You’re a stay at home dad?!

Emmy Samtani

Emmy Samtani

Emmy is the founder of Kiindred and mother to 3 little ones. Over the last 4 years, she has worked with some of the most credible experts in the parenting space and is a keen contributor on all things parenthood.
Updated on Jun 14, 2024 · 4 mins read
You’re a stay at home dad?!

…How did I get here?

But here I am, three kids and a million loads of washing later and I wouldn’t trade it for the world.

Sure the 5:30 am wake ups to watch Bluey could really be pushed back a bit and it would be handy if the four-year-old could separate the colours from the whites, but the Midori Illusion shakers, they can stay in the past, nobody needs them again.

I was working in commercial radio when my wife and I found out that we were going to have our first child, then two months before the due date out of nowhere I was told that my contract wasn’t going to be renewed, thanks for coming, see you later. Show biz huh.

Not an ideal situation just weeks before entering into our biggest investment, so we had to have a pretty serious conversation about what to do next. I had a few work offers but nothing I loved. My wife is super talented and although she was working freelance she was earning good coin.

Why would she stop doing what she loves and is good at to look after the new baby, for me to do something my heart wasn’t in, just because that’s kinda what happens?

So in a nutshell that’s how I became what is called a Stay at Home Dad or SAHD.


Not a club with a huge membership. Of all the dads in two-parent families in Australia, only around 4% of us are SAHDs. That’s it. Compared with 30% of mums, we are totally outnumbered at the slippery dip. Why I don’t know, every family has a different situation and we do what we can to make it work, but if it’s an option why not?

It has been the most rewarding 4.5 years of my life. Now it’s not easy, it’s actually bloody tough. All joy and no fun is how I summed up the first year. I was under the impression that I would be out of the house all the time and crunching schooners in the beer garden while the baby slept. Yeah, Nah.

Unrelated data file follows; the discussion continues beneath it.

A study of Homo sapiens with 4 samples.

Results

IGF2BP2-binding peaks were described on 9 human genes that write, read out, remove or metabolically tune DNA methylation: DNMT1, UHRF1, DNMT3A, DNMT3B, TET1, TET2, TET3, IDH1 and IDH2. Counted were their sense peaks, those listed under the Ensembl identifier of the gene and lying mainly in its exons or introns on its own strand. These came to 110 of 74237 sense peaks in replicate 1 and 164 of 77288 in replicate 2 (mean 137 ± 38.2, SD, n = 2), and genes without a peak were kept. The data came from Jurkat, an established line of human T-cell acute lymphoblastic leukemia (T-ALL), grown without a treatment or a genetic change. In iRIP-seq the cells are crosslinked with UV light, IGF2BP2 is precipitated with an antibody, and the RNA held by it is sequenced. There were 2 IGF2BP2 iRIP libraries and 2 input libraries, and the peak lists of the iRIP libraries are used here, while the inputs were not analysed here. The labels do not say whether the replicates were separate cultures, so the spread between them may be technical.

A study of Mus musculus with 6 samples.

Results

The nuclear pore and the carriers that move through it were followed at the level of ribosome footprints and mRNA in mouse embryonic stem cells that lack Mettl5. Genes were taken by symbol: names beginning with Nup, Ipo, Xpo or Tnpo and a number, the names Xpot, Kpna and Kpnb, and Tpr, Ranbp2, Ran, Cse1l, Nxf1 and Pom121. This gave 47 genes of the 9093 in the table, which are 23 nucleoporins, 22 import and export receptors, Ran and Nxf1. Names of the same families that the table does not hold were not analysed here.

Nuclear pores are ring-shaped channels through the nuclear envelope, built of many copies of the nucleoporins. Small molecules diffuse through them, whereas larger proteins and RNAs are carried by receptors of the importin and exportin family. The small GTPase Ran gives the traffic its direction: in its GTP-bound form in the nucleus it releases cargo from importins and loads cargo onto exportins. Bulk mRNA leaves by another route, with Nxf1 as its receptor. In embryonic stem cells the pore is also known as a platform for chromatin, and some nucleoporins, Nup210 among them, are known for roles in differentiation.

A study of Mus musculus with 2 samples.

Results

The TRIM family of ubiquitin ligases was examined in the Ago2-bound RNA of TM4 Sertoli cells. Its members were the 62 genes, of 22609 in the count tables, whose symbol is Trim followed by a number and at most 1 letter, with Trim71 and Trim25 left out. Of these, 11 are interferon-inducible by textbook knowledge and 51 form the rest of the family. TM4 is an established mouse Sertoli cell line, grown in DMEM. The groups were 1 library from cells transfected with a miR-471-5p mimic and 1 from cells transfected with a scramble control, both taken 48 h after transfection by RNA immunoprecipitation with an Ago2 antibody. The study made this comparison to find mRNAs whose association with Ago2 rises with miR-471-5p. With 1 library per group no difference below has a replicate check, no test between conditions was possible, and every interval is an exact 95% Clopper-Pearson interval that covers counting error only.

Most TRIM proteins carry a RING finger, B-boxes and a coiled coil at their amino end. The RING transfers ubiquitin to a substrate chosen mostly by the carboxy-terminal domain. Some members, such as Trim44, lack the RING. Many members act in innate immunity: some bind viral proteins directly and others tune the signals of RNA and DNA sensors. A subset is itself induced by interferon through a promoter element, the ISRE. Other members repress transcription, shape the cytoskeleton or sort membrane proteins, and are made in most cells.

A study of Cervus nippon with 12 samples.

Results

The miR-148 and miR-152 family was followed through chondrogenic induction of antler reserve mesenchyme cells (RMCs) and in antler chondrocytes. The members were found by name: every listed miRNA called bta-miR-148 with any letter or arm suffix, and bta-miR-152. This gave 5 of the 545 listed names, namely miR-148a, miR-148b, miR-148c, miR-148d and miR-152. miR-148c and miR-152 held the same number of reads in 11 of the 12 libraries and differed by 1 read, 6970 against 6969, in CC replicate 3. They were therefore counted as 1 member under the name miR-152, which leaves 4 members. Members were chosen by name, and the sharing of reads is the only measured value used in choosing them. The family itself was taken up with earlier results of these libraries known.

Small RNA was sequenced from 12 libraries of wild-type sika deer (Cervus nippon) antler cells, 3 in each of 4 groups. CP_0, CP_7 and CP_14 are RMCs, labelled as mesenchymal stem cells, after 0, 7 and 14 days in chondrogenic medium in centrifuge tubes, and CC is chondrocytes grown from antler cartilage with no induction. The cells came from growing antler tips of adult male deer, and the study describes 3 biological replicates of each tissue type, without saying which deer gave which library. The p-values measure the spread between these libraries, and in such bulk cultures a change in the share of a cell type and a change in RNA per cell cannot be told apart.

Today, for example, I actually didn’t leave the house. It was raining, my four-year-old was at preschool so I was stuck inside with a two-year-old suffering cabin fever and sleep training a three-month-old to sleep in her cot, not in the baby carrier. I’m not even sure if I even showered today… But bub linked sleep cycles twice and the toddler didn’t break anything so, joy.

I was there when both my eldest kids rolled over, crawled and walked for the first time. I was the person who they said their first words to and who gave them their first solids (then of course never told my wife and waited until she was there to claim it for the first time, I’m not silly). No job that I could do would bring me more joy than witnessing these events.

Now, you’ll get asked, “but when are you going to get a real job” or “is it Dad’s day today”, or “Mum having a rest is she?”. Don’t take it personally, it’s the 4% thing, people don’t understand what they don’t know. Embrace it. (I’ll tell you about the lady who was taking photos of me in the park another time.)

Bob Dylan said it best “for the times they are a-changin’”.

Dad’s are more hands-on now than ever, we know that we aren’t looking after the kids, we are just parenting. We’re not having a “Daddy day” when we are at the park with the kids, every day is a Daddy day. We are not helping when we change a nappy, it’s just what you need to do. I personally think that not only the kids are better for this but we as men are too.

So a massive shout to all the Dads, not just the SAHDs, the working Dads, the co-parenting Dads, the Step-Dads, the Granddads, Uncles – and the Uncles that you find out years later isn’t actually your Uncle it’s just Dad’s best mate – we are all in this together and we’re doing a pretty tops job.